How Long Can You Have Hepatitis C Without Testing Positive?

The diagnostic tests for hepatitis C measure different parameters in the blood to establish whether a person has been infected with the hepatitis C virus or not. Naturally, there can be discrepancies in the test results.

The antibody blood test for hepatitis C relies on completing the window period before it can return an accurate result. The window period for hepatitis C lasts for about 4-10 weeks and averages from around two weeks to 5 months. Theoretically, you can have hepatitis for up to 5 months without testing positive, possibly more depending on your immune reaction and the type of test used to diagnose your disease.

While it may take a long time to obtain a definitive diagnosis of hepatitis C using blood tests, it does not mean that the patient and the doctor remain oblivious to the obvious diagnosis at hand. Specific signs and symptoms and findings on the physical exam may constitute enough evidence to formulate a clinical diagnosis of hepatitis C.


Testing for hepatitis C is simple but time-consuming. This is because the tests used to diagnose hepatitis C do not return an accurate result immediately after the onset of signs and symptoms. The most common test used to diagnose hepatitis C, the anti-HCV antibody test, takes about 4-10 weeks to return an accurate result, even longer in some patients. 

The antibody test result takes such a long time to return an accurate result because it relies on the development of antibodies in a patient. The window period for hepatitis C lasts for about 4-10 weeks, averaging from around two weeks to 5 months. A window period for any disease is when it takes from the initial point of exposure to seroconversion, i.e., antibodies develop in the blood. 

The antibody test for hepatitis C cannot accurately result during the window period since the antibodies haven't fully formed yet. The minimum yield for antibodies to be detected by the blood test is achieved only after the window period is over. 

So, in theory, a person can have hepatitis C without testing positive for about 5 to 6 months. However, this does not mean that both the doctor and the patient are oblivious to the diagnosis of hepatitis C during this time. Living with hepatitis C without testing positive is different from living with hepatitis C without knowing it.

When a patient presents with initial signs and symptoms, the doctor considers a clinical diagnosis of hepatitis C. This diagnosis is only further supplemented by the positive findings on a physical examination. While the lab tests, or other investigations, have the maximum authority in confirming the diagnosis of hepatitis C, they are not the only means of diagnosis. 


The anti-HCV antibody test for hepatitis C takes some time before it can return accurate results. However, sometimes a faster confirmatory diagnosis is needed. In such cases, a different test can provide an accurate assessment of a person's HCV status without much delay. This test is known as the HCV RNA test.

The HCV RNA test detects and measures the viral RNA directly in the blood. The viral RNA is a direct measure of the hepatitis virus's presence in the blood. The quantification of the viral RNA allows for the detection of the virus and allows for the measurement of the severity of the disease.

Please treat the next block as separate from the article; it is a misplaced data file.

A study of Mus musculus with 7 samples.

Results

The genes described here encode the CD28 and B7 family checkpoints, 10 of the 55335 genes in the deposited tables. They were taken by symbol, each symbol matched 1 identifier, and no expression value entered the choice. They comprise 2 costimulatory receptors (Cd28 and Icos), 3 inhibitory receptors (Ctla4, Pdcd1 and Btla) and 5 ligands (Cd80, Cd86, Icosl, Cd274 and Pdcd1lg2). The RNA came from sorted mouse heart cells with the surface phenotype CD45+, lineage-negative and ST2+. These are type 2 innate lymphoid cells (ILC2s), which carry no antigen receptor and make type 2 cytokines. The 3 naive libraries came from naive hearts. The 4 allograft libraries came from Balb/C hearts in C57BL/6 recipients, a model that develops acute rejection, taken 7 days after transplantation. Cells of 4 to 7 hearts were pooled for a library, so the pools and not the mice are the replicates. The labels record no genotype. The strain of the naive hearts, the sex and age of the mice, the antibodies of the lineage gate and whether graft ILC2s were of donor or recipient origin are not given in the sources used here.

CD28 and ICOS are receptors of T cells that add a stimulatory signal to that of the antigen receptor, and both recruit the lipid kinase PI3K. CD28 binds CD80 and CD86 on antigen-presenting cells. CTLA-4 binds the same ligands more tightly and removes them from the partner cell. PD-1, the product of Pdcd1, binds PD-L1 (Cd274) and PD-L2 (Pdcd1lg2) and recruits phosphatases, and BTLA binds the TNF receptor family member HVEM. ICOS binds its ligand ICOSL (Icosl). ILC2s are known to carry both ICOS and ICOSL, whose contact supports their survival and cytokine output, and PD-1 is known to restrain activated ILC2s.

The HCV RNA test can return an accurate result faster than the antibody test. Typically, the viral RNA test has been observed to return accurate results just 1-2 weeks after the initial exposure. 

The measure of viral RNA also provides information about what is known as the viral load. The viral load describes how severe the condition is for a patient. Higher viral loads indicate a significant infection with a bad prognosis. Lower viral loads indicate an insignificant infection or an infection that has now improved with or without medication. 


Chronic hepatitis C occurs when the initial acute episode of hepatitis lasts for more than six months, either without the suppression of symptoms or without the clearance of the virus from the blood. According to WebMD, 75% to 85% of all hepatitis C infections turn chronic. 

Chronic hepatitis C can be problematic even when it is controlled. This is because the longer the inflammation of the liver stands, the more damage the liver takes. Long-lasting liver damage can result in fibrosis. While the human liver has regenerative abilities, it cannot recover and heal itself from extreme physical assaults, such as fibrosis. 

As heinous as it sounds, chronic hepatitis C, however, can be effectively managed and even cured using Direct Acting Antivirals, or DAAs. However, the use of DAAs is only warranted if the extent of the liver damage is still within manageable limits. 


Untreated hepatitis C can take one of the three different routes. The acute episode can either 1) heal spontaneously, 2) turn chronic, or 3) cause imminent liver failure. Fortunately, many cases decide to heal spontaneously rather than taking any of the other two dreadful courses of action. 

While uncommon, sometimes an untreated acute episode of viral hepatitis C can turn deadly and lead to fulminant hepatic failure. This is common when a person gets infected with more than one genotype of the hepatitis virus simultaneously. 

Untreated hepatitis C can turn into chronic inflammation, lasting up to months and even years. Chronic hepatitis C can lead to extensive fibrosis of the liver, known as cirrhosis. Liver cirrhosis is an extremely problematic situation where the normal healthy tissue of the liver is replaced by non-functioning, fibrotic tissue. 

Liver cirrhosis can lead to chronic hepatic failure, hepatic encephalopathy, and even the development of liver cancer (hepatocellular carcinoma).